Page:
Change is the only constant
The world seems to change so quickly, it could leave you with whiplash. Farmers today are facing challenges like never before, whether it’s political uncertainty, increasing demands for transparency from consumers, or shifting requirements from inspectors. Then there’s the current COVID crisis, which has turned everyone’s life upside down.
In these unusual times, it can be tempting to bury your head in the sand. It’s a technique some of the most famous companies have tried, which is why kids haven’t heard of Kodak: the company invented digital cameras but couldn’t conceive of a world without film… when digital technology advanced, they were left behind.
Now technology is changing the world of agriculture. One option is to ignore it, and say, “The way we’ve always done things works.” At best, it means you miss out on innovations that could make your life easier. At worst, it means you could struggle to keep your farm operating as a viable business.
There’s no reason to be fearful of innovation. The core of farming will always be about looking after your land and livestock. Technology offers you a way to do that even more effectively, while helping to secure the long-term success of your farm.
Innovation is central to farming: a brief history
The history of agriculture is one of innovation, starting from the first hunter-gatherer who thought, 10,000 years ago, “Maybe we should put a fence around our goats instead of chasing them.”
The British Agricultural Revolution wasn’t one great leap forward. It was a series of innovations, from crop rotation and selective breeding to developments in farm machinery, that spanned from the mid-18th until the late-19th century.
The 1960s saw the arrival of the Green Revolution, with an explosion in grain production, thanks to high-yielding varieties, used with pesticides and chemical fertilisers. The agronomist who led developments in plant breeding, Norman Borlaug, was awarded the Nobel Peace Prize in 1970. The prize committee said, “More than any other single person of this age, he has helped provide bread for a hungry world.”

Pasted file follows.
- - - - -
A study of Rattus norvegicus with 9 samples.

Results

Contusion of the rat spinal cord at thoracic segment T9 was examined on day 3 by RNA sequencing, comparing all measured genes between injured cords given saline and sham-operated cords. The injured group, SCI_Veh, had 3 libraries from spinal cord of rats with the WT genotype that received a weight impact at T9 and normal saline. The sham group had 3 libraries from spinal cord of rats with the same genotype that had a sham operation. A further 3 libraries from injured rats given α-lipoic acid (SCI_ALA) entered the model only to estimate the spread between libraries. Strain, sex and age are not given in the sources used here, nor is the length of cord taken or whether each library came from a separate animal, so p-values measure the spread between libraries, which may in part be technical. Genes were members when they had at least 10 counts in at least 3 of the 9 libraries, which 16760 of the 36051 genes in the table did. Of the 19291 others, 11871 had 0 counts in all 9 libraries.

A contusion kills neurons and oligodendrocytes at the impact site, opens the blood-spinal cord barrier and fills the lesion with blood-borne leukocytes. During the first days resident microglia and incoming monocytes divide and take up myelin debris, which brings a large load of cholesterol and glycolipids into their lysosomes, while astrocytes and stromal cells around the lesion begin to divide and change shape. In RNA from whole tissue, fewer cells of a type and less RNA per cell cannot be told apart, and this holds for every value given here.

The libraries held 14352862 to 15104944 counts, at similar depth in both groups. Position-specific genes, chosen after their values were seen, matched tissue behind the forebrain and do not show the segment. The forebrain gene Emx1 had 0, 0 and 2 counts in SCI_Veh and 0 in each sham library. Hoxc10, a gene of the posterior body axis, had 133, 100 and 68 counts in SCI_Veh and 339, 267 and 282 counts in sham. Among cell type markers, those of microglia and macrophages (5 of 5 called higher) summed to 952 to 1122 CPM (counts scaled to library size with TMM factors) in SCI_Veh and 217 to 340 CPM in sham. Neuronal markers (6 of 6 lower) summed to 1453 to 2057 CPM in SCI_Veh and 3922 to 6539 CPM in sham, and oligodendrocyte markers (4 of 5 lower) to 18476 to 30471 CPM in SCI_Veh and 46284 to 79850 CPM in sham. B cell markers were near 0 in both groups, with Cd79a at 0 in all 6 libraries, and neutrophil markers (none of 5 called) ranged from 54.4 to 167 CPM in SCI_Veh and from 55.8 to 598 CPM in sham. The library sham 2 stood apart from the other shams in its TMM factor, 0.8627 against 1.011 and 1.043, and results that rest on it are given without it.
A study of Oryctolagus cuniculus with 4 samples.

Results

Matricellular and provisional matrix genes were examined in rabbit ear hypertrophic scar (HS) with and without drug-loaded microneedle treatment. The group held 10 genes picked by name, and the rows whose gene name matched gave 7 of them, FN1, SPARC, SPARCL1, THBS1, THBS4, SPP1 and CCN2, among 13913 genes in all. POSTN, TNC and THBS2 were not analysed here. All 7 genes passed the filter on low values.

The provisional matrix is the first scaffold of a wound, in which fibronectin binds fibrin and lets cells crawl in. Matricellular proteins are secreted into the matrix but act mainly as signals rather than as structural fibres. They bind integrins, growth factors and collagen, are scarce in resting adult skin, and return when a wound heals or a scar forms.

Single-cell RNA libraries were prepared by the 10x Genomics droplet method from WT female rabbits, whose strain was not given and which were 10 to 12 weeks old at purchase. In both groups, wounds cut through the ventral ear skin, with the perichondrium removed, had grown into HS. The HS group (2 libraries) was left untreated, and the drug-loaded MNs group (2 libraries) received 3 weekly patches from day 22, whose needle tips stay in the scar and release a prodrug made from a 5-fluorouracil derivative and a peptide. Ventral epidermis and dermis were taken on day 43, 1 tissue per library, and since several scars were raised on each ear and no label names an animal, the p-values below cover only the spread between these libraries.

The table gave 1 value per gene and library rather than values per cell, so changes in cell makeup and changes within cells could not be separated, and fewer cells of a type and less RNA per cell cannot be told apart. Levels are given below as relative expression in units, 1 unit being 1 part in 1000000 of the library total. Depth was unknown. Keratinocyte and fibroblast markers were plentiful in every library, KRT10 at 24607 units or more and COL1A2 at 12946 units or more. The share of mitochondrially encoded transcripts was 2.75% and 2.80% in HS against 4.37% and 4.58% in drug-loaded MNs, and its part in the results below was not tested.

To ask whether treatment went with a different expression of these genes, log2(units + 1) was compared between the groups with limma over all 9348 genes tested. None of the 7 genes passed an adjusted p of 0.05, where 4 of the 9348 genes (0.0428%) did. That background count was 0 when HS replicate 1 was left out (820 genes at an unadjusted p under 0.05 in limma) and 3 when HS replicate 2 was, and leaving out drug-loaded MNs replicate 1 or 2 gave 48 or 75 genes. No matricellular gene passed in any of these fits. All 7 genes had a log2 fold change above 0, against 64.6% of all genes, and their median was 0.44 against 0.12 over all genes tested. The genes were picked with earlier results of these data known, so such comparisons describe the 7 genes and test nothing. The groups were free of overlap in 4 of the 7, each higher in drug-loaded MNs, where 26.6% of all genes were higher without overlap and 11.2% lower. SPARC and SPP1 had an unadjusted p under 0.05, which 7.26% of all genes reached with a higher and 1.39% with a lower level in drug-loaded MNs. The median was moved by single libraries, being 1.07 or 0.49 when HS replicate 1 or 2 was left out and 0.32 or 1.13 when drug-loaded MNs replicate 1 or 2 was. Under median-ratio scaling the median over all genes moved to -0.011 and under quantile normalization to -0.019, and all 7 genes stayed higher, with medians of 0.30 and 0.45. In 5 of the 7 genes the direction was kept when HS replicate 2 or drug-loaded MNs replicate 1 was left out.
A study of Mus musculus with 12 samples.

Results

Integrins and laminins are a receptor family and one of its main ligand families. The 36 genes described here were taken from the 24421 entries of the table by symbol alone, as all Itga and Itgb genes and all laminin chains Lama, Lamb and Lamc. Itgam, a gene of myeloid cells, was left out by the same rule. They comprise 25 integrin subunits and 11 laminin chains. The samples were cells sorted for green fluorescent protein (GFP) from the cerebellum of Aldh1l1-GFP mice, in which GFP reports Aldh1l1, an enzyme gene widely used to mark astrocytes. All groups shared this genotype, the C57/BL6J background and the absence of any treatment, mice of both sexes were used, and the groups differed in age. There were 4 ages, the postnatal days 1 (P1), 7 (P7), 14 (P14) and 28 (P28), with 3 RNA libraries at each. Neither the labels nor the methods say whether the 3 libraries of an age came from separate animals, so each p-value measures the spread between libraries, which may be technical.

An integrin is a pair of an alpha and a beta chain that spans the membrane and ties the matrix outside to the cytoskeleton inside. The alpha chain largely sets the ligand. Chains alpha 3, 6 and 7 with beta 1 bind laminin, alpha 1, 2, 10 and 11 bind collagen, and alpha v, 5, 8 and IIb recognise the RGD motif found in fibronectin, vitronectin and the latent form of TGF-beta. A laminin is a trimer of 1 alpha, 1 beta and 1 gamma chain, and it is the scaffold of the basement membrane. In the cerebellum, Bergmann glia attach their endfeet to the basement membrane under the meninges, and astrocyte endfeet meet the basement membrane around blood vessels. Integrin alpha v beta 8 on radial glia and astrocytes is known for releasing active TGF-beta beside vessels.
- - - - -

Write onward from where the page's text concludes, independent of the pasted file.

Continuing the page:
We’re in the midst of what’s been called the fourth agricultural revolution, or Agriculture 4.0, and farmers have the opportunity to embrace technology the way many industries already have. That will be necessary, to feed a population expected to hit close to 10 billion by 2050.
What technology do you need?
No two farms are the same, and the tech solutions they need aren’t either. Looking at the industry as a whole, one thing’s clear: there’s a lot of room for growth. Just consider: most farmers are using a pen and paper to keep records, while – in the form of a smartphone – they have a supercomputer in their pocket.
You might use precision agriculture tools, which ensure you optimise fertiliser and pesticide use. You could investigate remote monitoring systems, to reduce labour costs and give peace of mind when you’re away from the farm.
In the farm management space, Agrivi’s software allows agronomists to keep farmers informed in real time while helping farmers manage and monitor every process from tilling through to harvesting. Figured provides you and your advisors with real-time production tracking, budgeting and reporting information.
At AgriWebb, we’ve focused on farm record keeping, making it simple to track everything from treatments through to grazing patterns, using a map-based overview of the farm. By collecting all your information in one place, stored on the cloud, you can derive powerful insights from your farm data, leading to more informed – and more profitable – decisions.
In recent years, billions of pounds have been invested in the agtech sector. Whatever problems you’re experiencing on your farm, someone out there is working on a tech solution – or already has one. Do your research online and talk to fellow farmers about how technology has made their lives easier. The sooner you grow informed, the sooner you reap the benefits.